Susan Sontag vs John Berger

I am presenting a paper on photography and literature at an academic seminar next Monday at Hong Kong Baptist University, and this is part of what I am going to say:


like many mass art form, photography is not practiced by most people as an art. It is mainly a social rite, a defense against anxiety, and a tool of power … Photographs document sequences of consumption carried on outside the view of family, friends and neighbors … Travel becomes a strategy for accumulating photographs. (On Photography)

I am thinking of people I know who like to photograph their food before they eat, or of parents who take photographs of their children while they’re playing the piano at home or of their families in front of the Eiffel Tower. There’s nothing wrong with doing these things (I do them myself all the time), but after a while, if we claim to be serious about photography as an art form and yet this is all we do with photography, then it no longer allows us to see anything new. It allows us to see only what we already see, putting us in a state of self-consuming and self-affirming narcissism, saying, “Look at me, look at me”.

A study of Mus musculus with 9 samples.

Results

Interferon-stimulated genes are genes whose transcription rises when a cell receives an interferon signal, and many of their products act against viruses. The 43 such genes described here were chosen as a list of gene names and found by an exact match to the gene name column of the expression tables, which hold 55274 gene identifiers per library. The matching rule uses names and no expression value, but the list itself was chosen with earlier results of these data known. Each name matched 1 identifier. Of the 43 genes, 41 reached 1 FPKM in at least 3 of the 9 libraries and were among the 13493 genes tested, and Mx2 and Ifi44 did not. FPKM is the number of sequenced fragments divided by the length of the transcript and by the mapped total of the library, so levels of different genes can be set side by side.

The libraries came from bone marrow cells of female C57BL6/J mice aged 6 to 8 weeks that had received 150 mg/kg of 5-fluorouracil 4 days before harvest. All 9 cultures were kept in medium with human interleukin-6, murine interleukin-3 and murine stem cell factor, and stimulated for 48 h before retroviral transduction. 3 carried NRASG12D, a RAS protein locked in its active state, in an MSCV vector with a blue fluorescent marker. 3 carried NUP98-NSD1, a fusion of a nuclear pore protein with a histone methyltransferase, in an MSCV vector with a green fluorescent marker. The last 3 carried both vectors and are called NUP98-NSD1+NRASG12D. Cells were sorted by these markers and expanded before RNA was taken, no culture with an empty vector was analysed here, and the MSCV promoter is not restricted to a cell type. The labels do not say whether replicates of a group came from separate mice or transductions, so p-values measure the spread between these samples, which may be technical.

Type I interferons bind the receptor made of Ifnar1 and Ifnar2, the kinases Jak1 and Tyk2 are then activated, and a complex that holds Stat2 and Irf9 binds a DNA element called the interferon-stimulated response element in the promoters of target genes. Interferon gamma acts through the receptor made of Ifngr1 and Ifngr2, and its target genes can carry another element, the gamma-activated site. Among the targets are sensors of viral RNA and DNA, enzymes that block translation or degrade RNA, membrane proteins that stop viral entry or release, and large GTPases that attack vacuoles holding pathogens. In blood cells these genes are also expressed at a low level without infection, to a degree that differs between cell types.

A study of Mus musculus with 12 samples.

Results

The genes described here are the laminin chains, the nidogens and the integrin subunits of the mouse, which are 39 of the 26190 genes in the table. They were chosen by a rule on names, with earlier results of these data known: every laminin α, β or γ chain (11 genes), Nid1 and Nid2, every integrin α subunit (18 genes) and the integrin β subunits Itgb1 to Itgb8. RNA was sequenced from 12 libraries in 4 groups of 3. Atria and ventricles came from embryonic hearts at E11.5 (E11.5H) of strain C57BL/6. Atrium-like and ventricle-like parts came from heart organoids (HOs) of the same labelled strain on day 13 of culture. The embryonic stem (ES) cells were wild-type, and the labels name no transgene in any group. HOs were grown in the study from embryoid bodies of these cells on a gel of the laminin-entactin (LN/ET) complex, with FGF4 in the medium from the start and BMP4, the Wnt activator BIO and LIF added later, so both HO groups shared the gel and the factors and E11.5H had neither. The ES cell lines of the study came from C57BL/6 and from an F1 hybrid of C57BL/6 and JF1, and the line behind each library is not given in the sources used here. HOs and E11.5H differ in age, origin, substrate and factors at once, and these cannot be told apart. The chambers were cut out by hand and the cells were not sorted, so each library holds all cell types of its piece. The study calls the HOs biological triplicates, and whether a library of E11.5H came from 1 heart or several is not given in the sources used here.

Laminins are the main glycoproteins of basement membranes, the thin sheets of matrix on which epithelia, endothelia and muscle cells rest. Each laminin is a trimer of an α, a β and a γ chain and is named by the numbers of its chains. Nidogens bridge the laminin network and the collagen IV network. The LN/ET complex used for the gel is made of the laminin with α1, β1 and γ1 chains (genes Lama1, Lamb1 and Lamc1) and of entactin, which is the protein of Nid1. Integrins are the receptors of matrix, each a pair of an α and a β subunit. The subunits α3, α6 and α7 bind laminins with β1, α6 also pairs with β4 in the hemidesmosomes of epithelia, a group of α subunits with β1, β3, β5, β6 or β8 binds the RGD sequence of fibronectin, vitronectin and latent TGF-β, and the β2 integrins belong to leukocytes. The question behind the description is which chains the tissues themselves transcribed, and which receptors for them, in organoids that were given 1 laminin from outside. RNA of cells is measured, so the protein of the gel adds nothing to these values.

Photography implies that we know about the world if we accept it as the camera records it. But this is the opposite of understanding, which starts from not accepting the world as it looks. (On Photography)

What if we pursue photography with humility, as a way of looking at things differently? John Berger has made the point that “Every photograph presents us with two messages: a message concerning the event photographed and another concerning the shock of discontinuity” (Another Way of Telling).  He goes on to say that “Between the moment recorded and the present moment of looking, there is an abyss” ((Another Way of Telling).